Professor defends role in Cambridge Analytica data scandal

British political consulting group Cambridge Analytica filed for voluntary Chapter 7 bankruptcy in the Southern District of New York, court documents showed

The psychologist behind an app that harvested data from up to 87 million Facebook users defended his role in the scandal Sunday, saying he "never heard a word" of opposition from the social media giant.

Facebook says Aleksandr Kogan's app, This Is Your Digital Life, was downloaded by 270,000 people and also gave Kogan access to their friends.

The data was passed to British communications firm Cambridge Analytica and was used to help elect US President Donald Trump. But the company has blamed Kogan for misusing it, while he claims they and Facebook have used him as a scapegoat.

The University of Cambridge lecturer told CBS's 60 Minutes he was "sincerely sorry" for the data mining, but insisted there was a widespread belief that users knew their data was being sold and shared.

"Back then we thought it was fine... I think that core idea that we had –- that everybody knows and nobody cares –- was fundamentally flawed. And for that, I'm sincerely sorry," he said.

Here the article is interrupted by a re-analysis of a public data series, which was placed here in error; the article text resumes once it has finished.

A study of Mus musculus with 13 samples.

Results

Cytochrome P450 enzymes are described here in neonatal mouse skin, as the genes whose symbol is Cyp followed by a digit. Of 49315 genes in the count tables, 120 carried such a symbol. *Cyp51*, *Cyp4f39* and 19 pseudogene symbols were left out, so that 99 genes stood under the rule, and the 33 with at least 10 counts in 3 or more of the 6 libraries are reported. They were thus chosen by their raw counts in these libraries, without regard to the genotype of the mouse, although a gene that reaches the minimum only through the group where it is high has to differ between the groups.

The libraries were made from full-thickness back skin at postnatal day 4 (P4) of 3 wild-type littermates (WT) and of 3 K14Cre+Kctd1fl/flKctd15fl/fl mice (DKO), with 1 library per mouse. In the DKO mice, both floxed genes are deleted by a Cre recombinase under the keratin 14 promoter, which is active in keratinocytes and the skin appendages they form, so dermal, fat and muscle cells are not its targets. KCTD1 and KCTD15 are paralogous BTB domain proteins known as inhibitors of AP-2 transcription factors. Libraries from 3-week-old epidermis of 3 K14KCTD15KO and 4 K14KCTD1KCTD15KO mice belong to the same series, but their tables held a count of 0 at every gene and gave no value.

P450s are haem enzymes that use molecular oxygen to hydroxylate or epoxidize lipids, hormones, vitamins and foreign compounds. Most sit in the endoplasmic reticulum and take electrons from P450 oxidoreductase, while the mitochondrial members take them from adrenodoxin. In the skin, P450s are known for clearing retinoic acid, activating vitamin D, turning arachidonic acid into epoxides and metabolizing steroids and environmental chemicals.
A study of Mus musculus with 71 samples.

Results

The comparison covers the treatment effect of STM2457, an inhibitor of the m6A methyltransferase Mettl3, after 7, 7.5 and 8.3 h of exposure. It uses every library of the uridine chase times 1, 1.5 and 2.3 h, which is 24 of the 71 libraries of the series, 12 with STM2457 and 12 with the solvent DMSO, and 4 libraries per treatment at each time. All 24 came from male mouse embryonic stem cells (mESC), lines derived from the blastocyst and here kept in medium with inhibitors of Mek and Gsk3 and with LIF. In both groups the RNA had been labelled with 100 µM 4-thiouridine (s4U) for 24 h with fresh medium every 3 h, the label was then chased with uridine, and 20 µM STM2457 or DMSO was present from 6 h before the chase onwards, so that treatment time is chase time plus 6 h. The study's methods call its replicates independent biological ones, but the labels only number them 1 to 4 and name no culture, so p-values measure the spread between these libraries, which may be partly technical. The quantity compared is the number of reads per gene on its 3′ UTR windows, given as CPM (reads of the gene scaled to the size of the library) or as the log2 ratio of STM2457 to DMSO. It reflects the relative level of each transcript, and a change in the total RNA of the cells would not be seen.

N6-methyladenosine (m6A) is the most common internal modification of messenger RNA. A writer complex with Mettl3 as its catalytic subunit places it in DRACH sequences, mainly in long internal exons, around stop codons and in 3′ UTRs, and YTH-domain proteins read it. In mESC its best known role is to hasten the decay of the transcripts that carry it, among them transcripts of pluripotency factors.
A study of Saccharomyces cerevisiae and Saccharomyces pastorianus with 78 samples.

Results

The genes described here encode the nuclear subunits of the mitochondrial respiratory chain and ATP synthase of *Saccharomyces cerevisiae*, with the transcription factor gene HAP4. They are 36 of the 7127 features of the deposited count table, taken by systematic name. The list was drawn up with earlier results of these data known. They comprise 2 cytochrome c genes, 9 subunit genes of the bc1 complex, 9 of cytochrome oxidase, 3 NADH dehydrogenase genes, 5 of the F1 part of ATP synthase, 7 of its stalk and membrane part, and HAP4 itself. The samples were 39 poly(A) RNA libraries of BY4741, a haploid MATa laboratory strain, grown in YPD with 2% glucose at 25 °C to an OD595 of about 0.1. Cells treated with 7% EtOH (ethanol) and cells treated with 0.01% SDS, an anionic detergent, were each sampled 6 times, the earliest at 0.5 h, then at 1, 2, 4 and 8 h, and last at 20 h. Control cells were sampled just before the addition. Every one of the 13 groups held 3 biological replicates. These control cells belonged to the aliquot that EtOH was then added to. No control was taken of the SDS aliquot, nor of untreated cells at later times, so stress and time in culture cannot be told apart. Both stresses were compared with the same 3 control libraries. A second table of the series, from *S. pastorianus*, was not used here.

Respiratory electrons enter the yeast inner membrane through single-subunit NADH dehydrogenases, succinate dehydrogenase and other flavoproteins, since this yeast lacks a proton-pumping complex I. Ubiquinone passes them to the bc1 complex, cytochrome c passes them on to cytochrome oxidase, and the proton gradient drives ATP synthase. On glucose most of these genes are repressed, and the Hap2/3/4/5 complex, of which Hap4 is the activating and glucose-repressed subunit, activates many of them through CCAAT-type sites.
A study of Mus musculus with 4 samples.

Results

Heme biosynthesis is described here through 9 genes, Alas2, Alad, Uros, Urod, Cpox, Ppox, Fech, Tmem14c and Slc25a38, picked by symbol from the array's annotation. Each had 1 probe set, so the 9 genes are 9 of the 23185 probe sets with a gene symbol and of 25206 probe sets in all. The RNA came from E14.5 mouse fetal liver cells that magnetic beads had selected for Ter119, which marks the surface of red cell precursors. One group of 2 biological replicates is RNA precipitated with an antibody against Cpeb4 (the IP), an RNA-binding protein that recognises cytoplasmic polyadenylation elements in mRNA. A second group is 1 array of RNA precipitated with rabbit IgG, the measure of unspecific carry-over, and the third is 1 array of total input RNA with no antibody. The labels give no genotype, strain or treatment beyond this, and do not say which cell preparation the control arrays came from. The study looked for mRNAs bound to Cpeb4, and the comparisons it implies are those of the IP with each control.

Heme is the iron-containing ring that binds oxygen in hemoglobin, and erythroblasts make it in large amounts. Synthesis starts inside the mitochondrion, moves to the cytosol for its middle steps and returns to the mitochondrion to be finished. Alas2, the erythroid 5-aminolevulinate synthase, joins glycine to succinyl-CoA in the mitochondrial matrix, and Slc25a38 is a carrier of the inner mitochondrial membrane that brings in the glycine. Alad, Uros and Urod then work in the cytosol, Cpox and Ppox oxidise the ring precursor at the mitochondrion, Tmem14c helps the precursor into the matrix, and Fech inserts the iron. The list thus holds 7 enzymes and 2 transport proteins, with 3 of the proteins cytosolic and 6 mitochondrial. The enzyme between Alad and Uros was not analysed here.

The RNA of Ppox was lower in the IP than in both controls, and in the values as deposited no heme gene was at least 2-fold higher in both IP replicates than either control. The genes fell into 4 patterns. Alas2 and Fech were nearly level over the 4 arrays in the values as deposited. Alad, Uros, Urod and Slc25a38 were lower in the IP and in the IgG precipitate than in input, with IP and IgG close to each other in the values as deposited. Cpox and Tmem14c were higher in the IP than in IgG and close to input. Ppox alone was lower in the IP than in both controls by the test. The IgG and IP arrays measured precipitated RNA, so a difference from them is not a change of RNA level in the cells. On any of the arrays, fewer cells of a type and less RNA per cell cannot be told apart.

The psychologist also accused Facebook of framing him as a "rogue app" -- and insisted that while he was not sure that he read Facebook's developer policy banning the transfer or sale of users' data, the social network failed to enforce it in any case.

"I had a terms of service that was up there for a year and a half that said I could transfer and sell the data. Never heard a word," he said, referencing his app's user agreement.

"Facebook clearly has never cared," he added.

"The belief in Silicon Valley and certainly our belief at that point was that the general public must be aware that their data is being sold and shared and used to advertise to them."

On the issue of harvesting the information of friends of app users without explicit permission, Kogan said that capability was "a core feature" of Facebook for years -- and he estimated "tens of thousands" of apps had engaged in similar practices.

"This was not a special permission you had to get. This was just something that was available to anybody who wanted it who was a developer," he said.

On Tuesday Kogan is set to appear before a British parliamentary committee probing the scandal, where he will discuss his ties with Cambridge Analytica.